The dinner was a little different from an average night out at a restaurant, and not just because of the turducken. It was set as a long table for all 25 guests, and it was a great idea.
Just like a Thanksgiving or Christmas dinner, it encouraged people to talk with the other diners - but without any family fights. Everyone was mixed together, couples across the table from other couples, families and friends in between, but most of us didn't know one another prior to sitting down to eat. Violet and I sat across from a local Maple Ridge couple and we talked about how we had found the restaurant, what we liked for food and in general about what was going on. Just good food, pleasant company, and a good night out.
As much as the company and setup was a nice change of pace, the real star was the food. Violet and I had eaten there before, we got engaged there earlier this year in fact. The food did not disappoint either, with a three course meal all laid out for us. The appetizer was a white bean puree with truffle oil topped with caramelized onions and carrots. It was a nice start to set up our tastebuds for later.
And our tastebuds hardly needed any warming up, what with a turducken for the main course. They brought it out whole at first so we could all get a look at it (and to get us salivating as it smelled - and looked - amazing) before bringing it back to the kitchen to carve and then serve to each person. While we waited for the carving, the sides were brought out as well, which further got our appetites going. The potatoes were roasted with rosemary sprigs in the bowl, and there were some darkly soaked in red wine. The yams were smooth and creamy, with marshmallows melted on top, and the stuffing was nice and moist. I even ate the brussel sprouts, which had chunks of bacon and were very good considering my aversion to them usually. The heirloom carrots were back for the entree to add the final side, with the purples, oranges and yellows making for some more nice colour on the plate (and of course they were very tasty as well). Gravy was ready at hand to drizzle over top of course, and there was no shortage of food. Sometimes it's good to have leftovers!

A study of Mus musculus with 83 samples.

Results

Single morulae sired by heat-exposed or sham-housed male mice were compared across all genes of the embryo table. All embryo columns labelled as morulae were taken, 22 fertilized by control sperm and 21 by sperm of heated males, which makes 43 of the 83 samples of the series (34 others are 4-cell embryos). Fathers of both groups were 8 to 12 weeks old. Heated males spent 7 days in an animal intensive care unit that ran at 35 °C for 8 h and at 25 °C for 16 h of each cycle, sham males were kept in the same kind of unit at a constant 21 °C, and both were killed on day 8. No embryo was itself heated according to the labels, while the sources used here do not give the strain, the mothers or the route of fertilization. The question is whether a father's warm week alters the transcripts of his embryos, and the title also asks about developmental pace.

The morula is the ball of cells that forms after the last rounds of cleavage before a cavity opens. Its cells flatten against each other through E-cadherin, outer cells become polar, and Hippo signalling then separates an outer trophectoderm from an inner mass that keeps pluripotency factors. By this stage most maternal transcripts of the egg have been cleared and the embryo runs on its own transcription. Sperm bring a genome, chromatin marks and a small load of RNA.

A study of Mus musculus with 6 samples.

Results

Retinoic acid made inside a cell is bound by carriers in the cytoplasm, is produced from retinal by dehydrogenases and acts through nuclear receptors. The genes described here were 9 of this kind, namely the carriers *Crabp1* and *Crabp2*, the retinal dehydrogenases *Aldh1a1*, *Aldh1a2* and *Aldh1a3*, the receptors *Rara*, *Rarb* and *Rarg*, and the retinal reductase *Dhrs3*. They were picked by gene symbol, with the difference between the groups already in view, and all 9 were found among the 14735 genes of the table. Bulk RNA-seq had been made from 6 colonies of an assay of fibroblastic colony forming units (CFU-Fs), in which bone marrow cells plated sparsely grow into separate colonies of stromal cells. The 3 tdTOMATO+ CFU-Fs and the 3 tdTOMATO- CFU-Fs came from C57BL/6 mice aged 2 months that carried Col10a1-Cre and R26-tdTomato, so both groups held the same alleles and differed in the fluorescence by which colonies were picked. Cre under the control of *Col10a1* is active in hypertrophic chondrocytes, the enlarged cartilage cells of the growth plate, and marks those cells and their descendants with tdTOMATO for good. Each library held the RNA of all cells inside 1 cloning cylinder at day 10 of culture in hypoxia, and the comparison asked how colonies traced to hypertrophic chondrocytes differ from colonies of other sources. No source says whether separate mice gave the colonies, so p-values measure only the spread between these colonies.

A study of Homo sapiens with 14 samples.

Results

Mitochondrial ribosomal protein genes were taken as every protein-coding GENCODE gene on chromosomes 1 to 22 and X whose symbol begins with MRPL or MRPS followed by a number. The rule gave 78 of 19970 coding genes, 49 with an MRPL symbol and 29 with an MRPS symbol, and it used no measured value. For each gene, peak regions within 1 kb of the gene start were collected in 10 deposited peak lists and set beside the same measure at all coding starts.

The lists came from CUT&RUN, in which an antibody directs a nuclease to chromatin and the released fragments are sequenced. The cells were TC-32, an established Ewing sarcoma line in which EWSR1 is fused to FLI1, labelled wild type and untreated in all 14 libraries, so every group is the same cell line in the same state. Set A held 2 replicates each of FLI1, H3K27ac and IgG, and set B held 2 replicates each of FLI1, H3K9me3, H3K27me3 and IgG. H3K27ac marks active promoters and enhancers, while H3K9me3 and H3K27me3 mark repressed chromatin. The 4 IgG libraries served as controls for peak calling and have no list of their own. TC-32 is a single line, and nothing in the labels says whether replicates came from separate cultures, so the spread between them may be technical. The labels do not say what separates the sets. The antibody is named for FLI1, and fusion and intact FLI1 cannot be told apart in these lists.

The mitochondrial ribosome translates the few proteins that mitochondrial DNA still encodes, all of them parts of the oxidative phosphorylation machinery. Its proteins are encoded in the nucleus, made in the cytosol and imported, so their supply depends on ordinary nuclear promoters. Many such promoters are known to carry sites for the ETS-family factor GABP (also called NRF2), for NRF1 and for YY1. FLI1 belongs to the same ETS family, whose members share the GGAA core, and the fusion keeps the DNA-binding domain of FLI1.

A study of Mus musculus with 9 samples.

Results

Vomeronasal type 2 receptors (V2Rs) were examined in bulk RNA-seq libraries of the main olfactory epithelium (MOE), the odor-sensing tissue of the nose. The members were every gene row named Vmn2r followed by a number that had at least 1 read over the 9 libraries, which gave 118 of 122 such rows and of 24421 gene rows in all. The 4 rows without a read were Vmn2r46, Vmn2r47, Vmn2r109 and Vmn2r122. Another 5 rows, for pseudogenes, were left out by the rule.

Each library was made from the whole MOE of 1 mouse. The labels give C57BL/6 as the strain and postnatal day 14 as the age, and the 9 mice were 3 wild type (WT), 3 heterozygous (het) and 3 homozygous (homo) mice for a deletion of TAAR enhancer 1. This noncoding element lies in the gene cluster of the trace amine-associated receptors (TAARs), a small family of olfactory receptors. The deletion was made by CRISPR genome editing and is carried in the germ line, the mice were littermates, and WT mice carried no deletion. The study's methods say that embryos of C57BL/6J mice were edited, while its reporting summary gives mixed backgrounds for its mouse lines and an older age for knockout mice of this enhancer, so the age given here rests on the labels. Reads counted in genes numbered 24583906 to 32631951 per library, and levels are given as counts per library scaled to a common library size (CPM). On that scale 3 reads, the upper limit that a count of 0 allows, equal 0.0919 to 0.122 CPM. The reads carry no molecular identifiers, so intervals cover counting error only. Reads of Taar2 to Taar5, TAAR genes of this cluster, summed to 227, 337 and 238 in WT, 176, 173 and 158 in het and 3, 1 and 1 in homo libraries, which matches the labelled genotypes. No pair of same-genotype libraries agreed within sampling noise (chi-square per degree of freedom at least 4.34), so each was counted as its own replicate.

While everyone was talking about how good it was (and how full we all were), they took our orders for coffee and then reminded us of the dessert soon to come. At first, when they were listing off the menu for dessert, we thought it was our choices, but it was in fact pieces of one dessert. It included an apple crisp coffee cake, topped with a lemon/white chocolate brittle and yam sorbet. That all came with a side of cinnamon chocolate soup which was meant to drizzle all over everything, and when it was eaten together, was an excellent combination. Despite being quite full, people were asking for more of the yam sorbet and cinnamon chocolate soup in particular.
The executive chef, Chris Roper, seemed to very much enjoy not only cooking the whole meal but sourcing the ingredients from local vendors. Robert Klaus, the head waiter and partner in the restaurant with Chris, kept us entertained with trivia about turducken and other things, as well as enticing us with tidbits about potential future long table dinner events. Which brings us to the best part, they'll be doing this again next month!
There are already plans in the works to do a roasted goose for dinner, and it'll be on November 21st. Pricing is still being determined, but whatever it is will definitely be worthwhile. I'd recommend you keep that Monday open for a dinner in Maple Ridge, and also that you act fast when they announce it officially, since those 25 spots will fill up fast if tonight was any indication.
Here's some of my photos of the food: Turducken dinner.
If interested in trying out their next long table dinner, or just a regular night even, check out their website: www.lavadininglounge.com and of course they have FB and Twitter available from there.